Innovate Blog: Are drones the future of lifesaving?

By Hannah Nobbs, RNLI Innovation Scout.

RNLI Innovation Scout Hannah Nobbs

Photo: RNLI/Nathan Williams

RNLI Innovation Scout Hannah Nobbs

If I had a pound for every time someone contacts the Future Lifesaving Team at the RNLI and says: ‘I have an excellent idea – you should use drones!’ I would probably be able to fund a drone, a lifeboat, or at least new kit for one of our volunteer crew.  

The thing is, drones are exciting. They are not new; the term itself was used to describe unmanned aircraft that were flown remotely as targets for battleship gun practice in the 1920s. However, the miniaturisation of batteries and sensor technology has made unmanned aerial systems (UAS) increasingly affordable and therefore their value in many applications is being realised. This includes for recreation, by commercial organisations for aerial filming and surveying, and by emergency services as a tool to aid search and rescue. There is a lot of hype in this fast-growing sector; sorting through the noise to introduce the technology that can benefit operations is a challenge for many organisations.  

The benefit of unmanned aerial systems to lifesaving is likely to be huge. The delivery of life-preserving equipment to those in the water has been demonstrated recently, but imagine if we could also reduce risk to our volunteers by giving them an idea of the conditions at the rescue scene in advance, so they know what kit to have on hand on arrival. Perhaps the greatest impact for good will be if we can enhance chances of successful search to reach someone in distress more quickly, and to reduce the time that our volunteers are exposed to potentially risky environments.

A drone is tested for SAR purposes

Photo: RNLI/Nathan Williams

The challenge for the wider UK search and rescue (UKSAR) community is: how to introduce a new capability in a way that provides the most benefit? The RNLI and HM Coastguard have been collaborating on exploration of unmanned aerial systems (UAS) for the past 18 months.  We talk about the ‘third dimension’ (the surface of the water and land being the first two dimensions), rather than just focusing on drones, because we are interested in how technology in the air interacts with the whole rescue system, from human/machine interfaces to the flow of information to the right people at the right time to successfully coordinate a rescue.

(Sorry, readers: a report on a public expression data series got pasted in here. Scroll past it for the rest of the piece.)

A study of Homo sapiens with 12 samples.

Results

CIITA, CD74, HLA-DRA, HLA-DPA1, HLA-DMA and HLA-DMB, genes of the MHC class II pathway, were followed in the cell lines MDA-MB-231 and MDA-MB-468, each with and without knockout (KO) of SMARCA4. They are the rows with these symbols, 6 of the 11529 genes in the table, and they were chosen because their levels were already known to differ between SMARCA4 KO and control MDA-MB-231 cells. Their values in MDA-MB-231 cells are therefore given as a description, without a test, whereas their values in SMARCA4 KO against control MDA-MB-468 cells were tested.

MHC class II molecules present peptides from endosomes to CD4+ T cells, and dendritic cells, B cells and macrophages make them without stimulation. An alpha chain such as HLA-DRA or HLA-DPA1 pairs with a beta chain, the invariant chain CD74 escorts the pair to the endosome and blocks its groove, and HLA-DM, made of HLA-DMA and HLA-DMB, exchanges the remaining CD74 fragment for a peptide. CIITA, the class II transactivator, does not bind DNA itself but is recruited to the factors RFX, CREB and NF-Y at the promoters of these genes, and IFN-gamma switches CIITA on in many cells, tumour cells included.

What we did

Our journey started with the development of a collaborative roadmap, which combined the perspectives of SAR (search-and-rescue) operators, industry, academia and regulators to help identify a vision for a future where autonomous systems are used routinely by search and rescue crews. The roadmap can be found here.

Having identified gaps in knowledge that need to be overcome to reach this vision, the next part of the explorative journey was to try out various systems in a realistic environment. The UKSAR3D challenge was a week-long event in South Wales involving a variety of tethered, fixed-wing and multi-rotor drones. We collaborated with rescue personnel during multi-agency, simulated, representative search-and-rescue scenarios that included shoreline search, mud rescue and a communications blackspot.  

We also planned an offshore search combining drones and lifeboats to understand how these systems could interact. Due to a combination of technical issues and inclement weather, we didn’t get to collaborate with a lifeboat in a realistic search scenario. However, the building blocks of a potential future search capability were demonstrated by a successful flight, beyond visual line of sight, in segregated but busy civil airspace. We also developed a mutually agreed procedure to enable the drone to operate without impact to 24/7 emergency helicopter operations at St Athan. 

A 'casualty' is assisted after being found by a drone in a test

Photo: RNLI/Nathan Williams

A 'casualty' is assisted after being found by a drone during the test event

What we learned

Our key takeaways were that:

  • there is an appetite from manufacturers and operators of unmanned aerial systems (UAS) to improve their products through better understanding the SAR operating environment
  • the technology is mature enough to benefit localised operations, in particular to help rescue teams communicate in areas where terrain makes radio communication difficult. 

Realising the benefit from UAS is not something the RNLI can do alone, so don’t expect to be unceremoniously scooped from the sea by a rescue drone in the near future.  These are small but significant steps on an exciting journey for the future of saving lives from the air, so watch this space and occasionally, look up!